In a yard across the street behind my back fence stands an enormous, hero of a pine tree. In spring it’s draped in dainty wisteria; in winter, it’s one of the few green things standing. It hosts eagles and vultures, and dances cheerfully in winds that brutalize lesser trees. Its towering consistency has been reassuring to me in times of trouble, when seeing it reminded me there is Someone Greater in control. I used to wish it were my pine tree, growing in my yard. But then I realized I don’t really wish that, because if I owned it, it wouldn’t be mine.

The most common meaning of “own” is, of course, “to possess”, to have something that belongs to you. But the same word (according to Webster) also means “to recognize” something, “to acknowledge” it – to know it. So, to “own” something isn’t just a matter of having it in our possession, it’s also a matter of observing it, to become familiar with and appreciate it.

After several years of falling in love with the magnificent pine tree, I wanted to find out to whom it actually belonged. That took a while, as big trees look very different up close. I drove around the bordering neighborhood following trunks up to crowns, and crowns down their trunks until I finally found my “friend”. It takes up the majority of the clean and modest front yard where it lives, is neatly mulched with its own needles. The house is quaint and tidy, too, but as I drove past it my heart sank for the homeowners: they don’t know their tree the way I do. They can’t. Because it’s in their possession, on their property, they’ll never be able to see it the way I can. I’m sure they’re proud of their stately pine, perhaps they picnic beneath it, their kids play chase around it, but all they have of it, all they can see is its brown, knobby girth, and its discarded golden straw. Yet I know the great pine is so much more than that. So, while it may belong to them, they don’t truly “own” it.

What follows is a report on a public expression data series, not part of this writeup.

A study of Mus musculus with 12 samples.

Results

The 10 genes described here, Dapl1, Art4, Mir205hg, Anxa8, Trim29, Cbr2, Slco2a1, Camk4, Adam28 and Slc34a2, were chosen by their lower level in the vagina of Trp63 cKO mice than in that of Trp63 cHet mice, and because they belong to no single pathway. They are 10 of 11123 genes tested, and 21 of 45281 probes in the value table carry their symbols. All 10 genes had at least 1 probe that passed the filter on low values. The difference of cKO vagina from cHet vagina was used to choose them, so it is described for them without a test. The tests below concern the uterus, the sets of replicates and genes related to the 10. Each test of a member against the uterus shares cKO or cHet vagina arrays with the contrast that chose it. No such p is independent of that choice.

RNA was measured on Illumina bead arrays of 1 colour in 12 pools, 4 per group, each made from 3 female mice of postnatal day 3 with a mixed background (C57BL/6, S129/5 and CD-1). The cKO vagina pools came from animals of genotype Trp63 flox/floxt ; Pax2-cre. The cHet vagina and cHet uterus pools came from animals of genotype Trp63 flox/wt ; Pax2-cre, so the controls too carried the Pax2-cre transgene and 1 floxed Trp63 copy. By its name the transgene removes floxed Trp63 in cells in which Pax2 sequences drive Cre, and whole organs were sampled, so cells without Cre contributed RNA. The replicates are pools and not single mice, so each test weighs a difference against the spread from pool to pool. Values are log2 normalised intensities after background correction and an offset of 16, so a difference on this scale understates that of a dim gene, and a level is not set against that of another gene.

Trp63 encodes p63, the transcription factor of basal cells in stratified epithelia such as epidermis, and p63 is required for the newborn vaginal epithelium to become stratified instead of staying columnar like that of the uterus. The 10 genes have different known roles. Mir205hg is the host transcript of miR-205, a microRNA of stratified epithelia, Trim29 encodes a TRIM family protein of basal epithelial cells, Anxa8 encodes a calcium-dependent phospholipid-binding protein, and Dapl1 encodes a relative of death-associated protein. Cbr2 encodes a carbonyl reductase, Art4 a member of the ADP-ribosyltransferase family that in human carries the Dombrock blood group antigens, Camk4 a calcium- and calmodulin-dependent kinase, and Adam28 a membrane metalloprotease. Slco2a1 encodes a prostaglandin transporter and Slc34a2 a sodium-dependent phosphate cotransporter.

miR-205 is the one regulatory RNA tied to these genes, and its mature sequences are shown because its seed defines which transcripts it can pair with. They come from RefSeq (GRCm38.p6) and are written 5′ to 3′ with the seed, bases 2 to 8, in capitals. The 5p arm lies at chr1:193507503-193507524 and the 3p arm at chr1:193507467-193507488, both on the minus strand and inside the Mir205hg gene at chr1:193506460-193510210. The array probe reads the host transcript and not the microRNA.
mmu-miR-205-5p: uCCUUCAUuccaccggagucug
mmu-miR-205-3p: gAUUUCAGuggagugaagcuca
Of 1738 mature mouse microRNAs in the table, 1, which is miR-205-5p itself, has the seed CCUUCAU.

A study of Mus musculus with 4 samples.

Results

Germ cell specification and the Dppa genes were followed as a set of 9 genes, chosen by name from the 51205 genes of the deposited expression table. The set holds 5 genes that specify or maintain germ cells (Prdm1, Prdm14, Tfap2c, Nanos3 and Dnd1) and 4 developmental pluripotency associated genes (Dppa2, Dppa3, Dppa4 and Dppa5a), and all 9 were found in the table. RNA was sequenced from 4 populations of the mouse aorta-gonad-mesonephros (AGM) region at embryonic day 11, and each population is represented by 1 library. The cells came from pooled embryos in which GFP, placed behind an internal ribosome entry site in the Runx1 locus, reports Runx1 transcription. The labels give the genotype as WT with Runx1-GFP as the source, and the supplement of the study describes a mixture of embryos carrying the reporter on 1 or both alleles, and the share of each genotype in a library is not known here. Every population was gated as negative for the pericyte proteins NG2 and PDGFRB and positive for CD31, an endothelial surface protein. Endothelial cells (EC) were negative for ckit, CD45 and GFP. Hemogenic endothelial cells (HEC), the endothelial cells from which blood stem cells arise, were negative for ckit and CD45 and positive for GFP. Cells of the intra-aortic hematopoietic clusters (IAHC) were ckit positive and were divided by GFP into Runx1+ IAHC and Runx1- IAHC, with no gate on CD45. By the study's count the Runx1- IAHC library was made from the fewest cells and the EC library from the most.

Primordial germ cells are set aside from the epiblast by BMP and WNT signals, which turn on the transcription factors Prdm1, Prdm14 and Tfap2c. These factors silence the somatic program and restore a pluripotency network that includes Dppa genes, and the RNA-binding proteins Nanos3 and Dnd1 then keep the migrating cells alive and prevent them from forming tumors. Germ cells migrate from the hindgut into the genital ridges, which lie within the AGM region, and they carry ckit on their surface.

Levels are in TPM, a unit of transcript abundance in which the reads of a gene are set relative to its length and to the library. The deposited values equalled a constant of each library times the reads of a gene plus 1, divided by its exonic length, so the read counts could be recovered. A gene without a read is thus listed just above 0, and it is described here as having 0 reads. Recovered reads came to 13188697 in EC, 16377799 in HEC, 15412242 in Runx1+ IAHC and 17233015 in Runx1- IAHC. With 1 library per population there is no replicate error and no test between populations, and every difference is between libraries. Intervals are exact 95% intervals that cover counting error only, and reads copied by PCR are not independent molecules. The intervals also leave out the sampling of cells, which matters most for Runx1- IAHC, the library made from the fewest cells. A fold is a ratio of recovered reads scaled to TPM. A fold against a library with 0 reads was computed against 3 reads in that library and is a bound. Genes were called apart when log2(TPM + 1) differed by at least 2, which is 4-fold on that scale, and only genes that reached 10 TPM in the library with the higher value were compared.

Certainly, there are many things that must be possessed to be appreciated, like a car, a home, a good pair of shoes. And of course, there are folks who actually do possess entire mountains, own deeds to island beaches. But anyone with the ability to observe and delight in the mountains or the beach, owns them as equally, if differently, than those who hold the deeds.

And no, we cannot govern what we do not possess, cannot change what is not under our control, but perhaps that’s the freest type of ownership. How often, though, do things happen without our consent to what we (supposedly) control? I spend a lot of time and energy nurturing the trees on my property, mulching, raking leaves. But my opinion didn’t matter to the wind that felled one oak, or to the rot that stole another. To glean beauty, serenity from a property is to procure its highest value. To not have the chore of maintaining it is to be completely free to enjoy it.

I not only see the great pine beyond my fence, but I also see a whole forest made of trees in others’ yards. Here are more pines, white and live oaks, magnolias, and bay trees strung with various vines; this neighborhood forest bustles with birds, squirrels, bats. This amazing view – any view unique to my vantage point – is all mine simply because I see it.